Leadership in Times of CrisisBy Juan Pablo Gonzalez Winklmeier | Wed, 10/07/2020 - 09:00
The title of this article may sound somewhat threatening, even terrifying and at least, alarming, so it would be worth starting with the definition of crisis.
There are many definitions, but in the end there is quite a convergence in the meaning of crisis:
- Crisis during a process is a negative change, a complicated, difficult and unstable situation.
- A serious and decisive situation that jeopardizes the creation of an issue or a process.
In short, we are talking about a negative situation that affects a certain process and what better example than the global situation we are experiencing, a product of the pandemic of COVID-19 coronavirus, where many daily educational, employment and family processes have obviously had negative effects.
Companies have also been affected by this crisis and today, in particular, are not exempt from all the complications that the virus has brought. The way of working has changed, and not only in the sense of quarantine and home office. There have been some changes in all business processes. But there are people behind each of these processes, and these people are those who every day face uncertainty: frustration, fear of losing their job, or just not knowing what's going to happen the next day. The role of leaders in an organization takes on extreme relevance precisely at this moment.
The key questions are: What exactly is the leader’s role? What skills are most important in a crisis situation? To my mind, the role can be summarized as "communicating safety," but what does it mean in practical terms to communicate safety?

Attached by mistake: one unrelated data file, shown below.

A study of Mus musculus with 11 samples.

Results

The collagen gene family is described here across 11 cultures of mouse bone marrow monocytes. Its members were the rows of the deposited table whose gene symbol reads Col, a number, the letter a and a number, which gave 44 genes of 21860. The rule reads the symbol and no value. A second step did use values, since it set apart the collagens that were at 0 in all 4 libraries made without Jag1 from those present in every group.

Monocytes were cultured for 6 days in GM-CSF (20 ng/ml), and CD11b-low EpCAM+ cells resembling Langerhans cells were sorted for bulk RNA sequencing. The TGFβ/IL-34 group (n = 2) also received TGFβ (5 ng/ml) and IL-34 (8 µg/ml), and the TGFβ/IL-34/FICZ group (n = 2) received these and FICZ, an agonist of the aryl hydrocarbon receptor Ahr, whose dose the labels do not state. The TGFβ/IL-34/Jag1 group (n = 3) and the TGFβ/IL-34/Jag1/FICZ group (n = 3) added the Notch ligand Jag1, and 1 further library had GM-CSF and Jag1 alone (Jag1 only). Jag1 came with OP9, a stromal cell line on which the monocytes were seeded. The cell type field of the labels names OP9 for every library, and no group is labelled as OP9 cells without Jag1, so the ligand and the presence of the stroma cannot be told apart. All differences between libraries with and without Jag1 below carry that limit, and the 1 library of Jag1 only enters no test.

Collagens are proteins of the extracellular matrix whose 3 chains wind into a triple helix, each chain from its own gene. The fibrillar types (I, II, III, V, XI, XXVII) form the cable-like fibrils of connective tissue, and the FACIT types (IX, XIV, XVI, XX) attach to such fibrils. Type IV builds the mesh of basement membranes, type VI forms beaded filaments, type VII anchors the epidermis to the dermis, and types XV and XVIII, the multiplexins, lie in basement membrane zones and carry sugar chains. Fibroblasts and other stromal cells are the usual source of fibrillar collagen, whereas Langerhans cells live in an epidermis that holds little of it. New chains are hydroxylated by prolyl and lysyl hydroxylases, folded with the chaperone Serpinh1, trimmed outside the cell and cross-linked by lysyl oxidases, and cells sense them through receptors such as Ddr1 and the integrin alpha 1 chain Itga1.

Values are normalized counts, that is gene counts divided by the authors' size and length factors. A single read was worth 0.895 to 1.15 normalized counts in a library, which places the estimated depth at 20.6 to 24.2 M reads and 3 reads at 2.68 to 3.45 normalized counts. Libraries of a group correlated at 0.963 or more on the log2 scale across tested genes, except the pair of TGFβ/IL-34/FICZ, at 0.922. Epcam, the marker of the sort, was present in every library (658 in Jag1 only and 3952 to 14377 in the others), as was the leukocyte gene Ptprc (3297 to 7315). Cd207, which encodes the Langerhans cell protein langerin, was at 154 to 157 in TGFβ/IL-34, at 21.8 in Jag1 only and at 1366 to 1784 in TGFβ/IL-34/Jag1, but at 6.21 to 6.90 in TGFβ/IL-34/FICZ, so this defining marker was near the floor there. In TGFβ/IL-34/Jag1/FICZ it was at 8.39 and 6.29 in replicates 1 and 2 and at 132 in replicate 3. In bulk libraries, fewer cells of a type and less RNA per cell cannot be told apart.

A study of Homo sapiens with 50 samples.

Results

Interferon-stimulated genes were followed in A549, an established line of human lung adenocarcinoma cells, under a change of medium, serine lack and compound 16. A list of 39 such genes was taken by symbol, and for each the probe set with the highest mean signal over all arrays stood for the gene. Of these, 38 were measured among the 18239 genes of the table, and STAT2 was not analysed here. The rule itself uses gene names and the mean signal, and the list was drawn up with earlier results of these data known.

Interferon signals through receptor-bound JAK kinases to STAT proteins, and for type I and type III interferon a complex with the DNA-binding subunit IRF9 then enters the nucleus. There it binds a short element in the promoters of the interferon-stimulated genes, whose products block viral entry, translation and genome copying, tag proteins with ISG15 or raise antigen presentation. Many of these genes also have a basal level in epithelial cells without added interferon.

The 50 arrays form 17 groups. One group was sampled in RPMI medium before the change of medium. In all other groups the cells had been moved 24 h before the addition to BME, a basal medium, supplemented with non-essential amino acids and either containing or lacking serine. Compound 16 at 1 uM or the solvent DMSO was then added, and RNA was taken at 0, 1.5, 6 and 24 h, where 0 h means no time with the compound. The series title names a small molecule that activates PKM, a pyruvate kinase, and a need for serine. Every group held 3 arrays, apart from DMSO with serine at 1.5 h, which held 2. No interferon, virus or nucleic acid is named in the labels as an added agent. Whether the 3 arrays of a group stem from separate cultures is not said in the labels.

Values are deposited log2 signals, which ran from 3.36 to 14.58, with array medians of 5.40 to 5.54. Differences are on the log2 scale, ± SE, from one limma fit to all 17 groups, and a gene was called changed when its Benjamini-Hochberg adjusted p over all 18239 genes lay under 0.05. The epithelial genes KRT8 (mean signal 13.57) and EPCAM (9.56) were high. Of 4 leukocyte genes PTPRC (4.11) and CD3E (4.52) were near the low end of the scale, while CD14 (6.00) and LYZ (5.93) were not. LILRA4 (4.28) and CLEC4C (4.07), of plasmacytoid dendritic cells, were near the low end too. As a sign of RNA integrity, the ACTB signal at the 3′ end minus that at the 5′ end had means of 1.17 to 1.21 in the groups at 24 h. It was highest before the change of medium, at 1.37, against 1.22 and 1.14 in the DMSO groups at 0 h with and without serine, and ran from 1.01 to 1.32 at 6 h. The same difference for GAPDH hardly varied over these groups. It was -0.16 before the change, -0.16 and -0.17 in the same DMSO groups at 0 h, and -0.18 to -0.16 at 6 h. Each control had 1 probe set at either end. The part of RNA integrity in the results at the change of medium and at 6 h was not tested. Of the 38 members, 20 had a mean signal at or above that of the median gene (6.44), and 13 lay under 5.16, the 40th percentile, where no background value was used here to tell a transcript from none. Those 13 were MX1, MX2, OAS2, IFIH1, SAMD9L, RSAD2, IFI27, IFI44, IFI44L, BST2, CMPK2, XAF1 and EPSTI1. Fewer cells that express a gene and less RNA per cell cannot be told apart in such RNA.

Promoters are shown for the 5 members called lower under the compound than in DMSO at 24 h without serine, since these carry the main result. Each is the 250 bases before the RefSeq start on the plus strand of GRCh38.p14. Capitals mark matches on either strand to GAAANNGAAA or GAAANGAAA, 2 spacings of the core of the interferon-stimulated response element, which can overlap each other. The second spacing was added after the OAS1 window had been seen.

The first thing is to understand that it is a communication role and I have identified four characteristics that support this function.
The first feature is trust. A leader's role is to convey and communicate confidence in the decisions that have been made by the company. In the sense of believing that the choices made are the right ones to cope with and eventually overcome the crisis, it is about promoting security. In continuing with the defined action plan, we must guide and support the staff.
Opportunity is the second attribute. Time pressure is one of the features of a crisis, and in that sense, we have to have the ability to make timely decisions as leaders. We will not always have all the information or the time to make the best decision, and it is the role of the leader to form a team on which to rely at the right time and make the best decision. It is important to emphasize that with the information restrictions, it is worth asking for help or being honest, but what is not worth is the paralysis.
This leads us to the third characteristic, which is facing uncertainty. Being a leader is not about being a superhero or an all-knowing. It is about being human, with all that that implies, including the limitations of knowledge, emotions and the different abilities of each one. Facing uncertainty starts by accepting that we don't know everything but assuming as a leader that we have to make decisions thinking about the future of the company and the well-being of people. We can be afraid and nervous about what is coming, but let's remember that the objective is to transmit security and that is why trust, the opportunity to make decisions and to provide information to others are crucial.
This fourth feature is sharing information. This finally allows us to move in a similar scenario for all, where doubts, fears, but also decisions and courses of action are known by all. This will generate a team that shares values, shares objectives and that will be able to generate ideas and take joint actions with a common goal: that at the end of the day, we will overcome the crisis.